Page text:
Coal Stocks On Sale, Invest Now, Double Your Money!
Investors in coal stocks may be hoping for doubles on their investments, perhaps as soon as this year. While it's human nature to envision huge gains from here, I don't believe it's likely. Outright long positions will have a hard time rallying by more than 40%-50% (on average) in the next 6 months. To be clear, I'm not suggesting that they will or will not rally that much, I don't know. I just don't expect home runs like the average 61% coal stock price surge in just 21 trading days from the October 3, 2011 to October 28, 2011. Now those were the days.
If we do get a significant rally, I think that Alpha Natural Resources, (ANR) and Walter Energy, (WLT) are the most likely to return 40%-50% or more. With regard to Patriot Coal, (PCX) and James River, (JRCC) they could certainly have out-sized returns, but they come with substantially greater downside risk. Therefore, I place them in a different category, separate from ANR, WLT, Peabody Energy, (BTU), Consol Energy, (CNX), Arch Coal, (ACI) and Cloud Peak (CLD).
Investors Have A Much Lower Cost Basis
A concern I have with how the sector is trading is that there is a lot more short activity and volatility. Not exactly a news flash for those involved. I think it will be difficult for coal stocks to sustain a significant rally because investors (and increasingly traders) with a much lower cost basis are now in place. If buyers of ANR stock at $7.5 - $8.5 were to see a price of $11.0 or $12.0, a meaningful portion of holders would probably sell. And it seems likely that short interest would increase again at that point.
And There's Still Those Pesky Coal Fundamentals
In addition to the lower cost basis argument, fundamentals are still a mess. Readers of my articles should know the headwinds facing the industry, but I will name them again. Domestic thermal coal prices have not yet turned. April ending inventories at 203 million tons are very high and may not have peaked. Industry-wide costs per ton are increasing for those players forced to cut production. The spot natural gas price has moved substantially higher recently, but at $2.75 per mcf it needs to move above $3.50-$4.00 for an extended period to begin to reverse Appalachian coal-to-gas switching.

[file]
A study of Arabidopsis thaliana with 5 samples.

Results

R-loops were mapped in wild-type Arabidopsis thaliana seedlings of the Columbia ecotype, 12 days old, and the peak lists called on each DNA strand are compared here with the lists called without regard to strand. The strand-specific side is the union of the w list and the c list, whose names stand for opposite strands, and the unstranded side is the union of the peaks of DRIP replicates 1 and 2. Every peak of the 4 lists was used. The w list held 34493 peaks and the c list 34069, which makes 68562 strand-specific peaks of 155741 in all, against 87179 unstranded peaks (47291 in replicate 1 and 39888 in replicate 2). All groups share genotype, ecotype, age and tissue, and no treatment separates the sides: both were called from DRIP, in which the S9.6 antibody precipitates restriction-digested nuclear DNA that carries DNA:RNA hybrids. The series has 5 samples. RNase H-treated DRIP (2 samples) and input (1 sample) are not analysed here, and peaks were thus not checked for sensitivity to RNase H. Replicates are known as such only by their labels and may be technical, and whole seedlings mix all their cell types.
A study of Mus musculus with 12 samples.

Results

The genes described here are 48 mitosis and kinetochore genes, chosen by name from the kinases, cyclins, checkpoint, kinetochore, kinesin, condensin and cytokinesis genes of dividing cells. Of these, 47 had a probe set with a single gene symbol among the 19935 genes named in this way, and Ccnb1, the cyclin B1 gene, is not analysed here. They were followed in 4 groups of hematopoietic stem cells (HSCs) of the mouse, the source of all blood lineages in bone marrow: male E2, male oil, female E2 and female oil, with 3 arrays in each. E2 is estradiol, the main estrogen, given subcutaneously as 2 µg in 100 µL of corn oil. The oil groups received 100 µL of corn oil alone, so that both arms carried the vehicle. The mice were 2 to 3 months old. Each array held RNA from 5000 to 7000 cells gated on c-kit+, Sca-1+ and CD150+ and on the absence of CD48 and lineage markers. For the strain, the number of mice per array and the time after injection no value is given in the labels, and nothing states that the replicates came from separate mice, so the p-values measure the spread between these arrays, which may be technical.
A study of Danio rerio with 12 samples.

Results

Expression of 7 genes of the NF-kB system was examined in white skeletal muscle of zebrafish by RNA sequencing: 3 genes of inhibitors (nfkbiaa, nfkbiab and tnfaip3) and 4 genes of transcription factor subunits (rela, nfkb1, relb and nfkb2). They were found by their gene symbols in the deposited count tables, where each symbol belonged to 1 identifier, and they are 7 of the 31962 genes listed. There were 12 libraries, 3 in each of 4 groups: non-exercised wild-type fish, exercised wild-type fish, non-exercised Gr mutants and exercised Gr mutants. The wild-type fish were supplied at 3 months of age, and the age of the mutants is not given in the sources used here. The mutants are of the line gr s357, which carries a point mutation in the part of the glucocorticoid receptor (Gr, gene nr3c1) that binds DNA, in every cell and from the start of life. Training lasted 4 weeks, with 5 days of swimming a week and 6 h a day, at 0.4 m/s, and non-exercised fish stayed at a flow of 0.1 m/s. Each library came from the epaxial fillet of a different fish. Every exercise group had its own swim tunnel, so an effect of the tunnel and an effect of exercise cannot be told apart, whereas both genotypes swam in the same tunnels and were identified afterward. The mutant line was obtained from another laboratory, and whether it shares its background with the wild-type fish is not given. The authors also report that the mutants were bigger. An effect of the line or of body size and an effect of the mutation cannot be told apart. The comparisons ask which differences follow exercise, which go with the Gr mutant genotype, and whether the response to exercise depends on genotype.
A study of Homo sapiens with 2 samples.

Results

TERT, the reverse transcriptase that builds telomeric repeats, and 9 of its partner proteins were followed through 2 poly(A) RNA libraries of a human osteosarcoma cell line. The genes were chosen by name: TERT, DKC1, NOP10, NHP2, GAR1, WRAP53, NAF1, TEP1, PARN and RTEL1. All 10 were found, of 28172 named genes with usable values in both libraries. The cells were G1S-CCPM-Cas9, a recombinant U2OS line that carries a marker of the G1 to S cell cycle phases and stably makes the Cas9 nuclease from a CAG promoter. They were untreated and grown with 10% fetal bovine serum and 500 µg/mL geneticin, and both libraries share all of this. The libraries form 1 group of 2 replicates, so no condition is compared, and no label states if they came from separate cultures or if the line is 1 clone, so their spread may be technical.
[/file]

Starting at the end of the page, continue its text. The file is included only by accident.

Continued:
China's much anticipated growth spurt in the second half has stalled upon arrival. Robust exports year-to-date from the U.S. are at risk of slowing in the face of no shortage of exports from Colombia, Indonesia and Australia. India's weakening currency is making it difficult to pay even the lower prices of US dollar denominated coals. The only saving grace is firm demand for coking coal from still buoyant auto build rates and a bounce in the global coking coal index to $225 per metric tonne from $210.
Using The Leverage In Call Options To Pick Your Bottom
Using call options is the only real chance to achieve 100% returns, of course with greater risk. If one thinks coal stocks are near a bottom, one should consider In-the-money call options. Earlier this week when ANR was trading around $7.75 per share, one could have bought an August-12 Call option with a $7 Strike for $1.25 per contract. If ANR were to increase by 22.6% to $9.5 at expiration, those call options would have been worth $2.5 ($9.5-$7.0 strike = $2.5). Notice the leverage, a 22.6% increase the stock would generate a 100% gain in the option price.
Typically, investing for a 22.6% gain in a stock in just 2 months is an aggressive bet. But with ANR down 85% from its 52-week high, a rebound of 22.6% is not all that crazy. In the example above, for $1,250 one could have bought 10 contracts and effectively controlled 1,000 shares of ANR stock for 2 months. If the stock went to $9.5, an investor would have doubled his money. The alternative way in which to have gained $1,250 would have been to buy 715 shares at $7.75 per share for $5,541.
Options Trades Provide an Investor With ... Optionality!
At times during Wednesday's trading session, ANR was up 10% from the $7.75 price used in the example. The Aug-12 $7 Strike Call option was bid at $1.90, a gain of $0.65 (up 52%) or $650 on the 10 contracts. The underlying stock price, up 10%, registered a gain of $554 on the 715 share position. The investor would have deployed less than one quarter of the capital into the trade and would be up way more, 52% ($650) vs. 10%, ($554).
Before I get accused of cherry-picking a big move in ANR stock to illustrate a great option trade, I pose the question, is a 10% increase in 2 days on a stock as volatile as ANR really that unusual? And, since the bet going into the trade was that ANR was near a bottom, one presumably would have bought the shares anyway. The Call option trade would have been a superior decision in this situation.
Using a Call option in this manner would enable an investor to have cashed out today, locking in a 52% gain. Or, if the investor held on, and the stock were to hover around $8 per share, the investor would have the opportunity over the next 6-7 weeks to exit the trade without losing much or any of his premium. Buying the stock outright only to watch it trade plus or minus 10% from the entry point would not have allowed the option holder the opportunity to pocket a 52% gain.
If one is truly a long-term holder, then buying the stock outright at $7.75 is perfectly reasonable. However, I find that my best intentions of holding a stock long-term get derailed by things like European debt crises and rumors of changes in Chinese GDP and inflation. If in the end we are all forced to be traders, then using call options to articulate a speculative long position can be an attractive strategy.
Finally, for those looking to avoid the increased trading activity alluded to above, buy and hold is still alive and well in my favorite coal MLPs of ARLP and NRP. Please see my articles on these names here and here.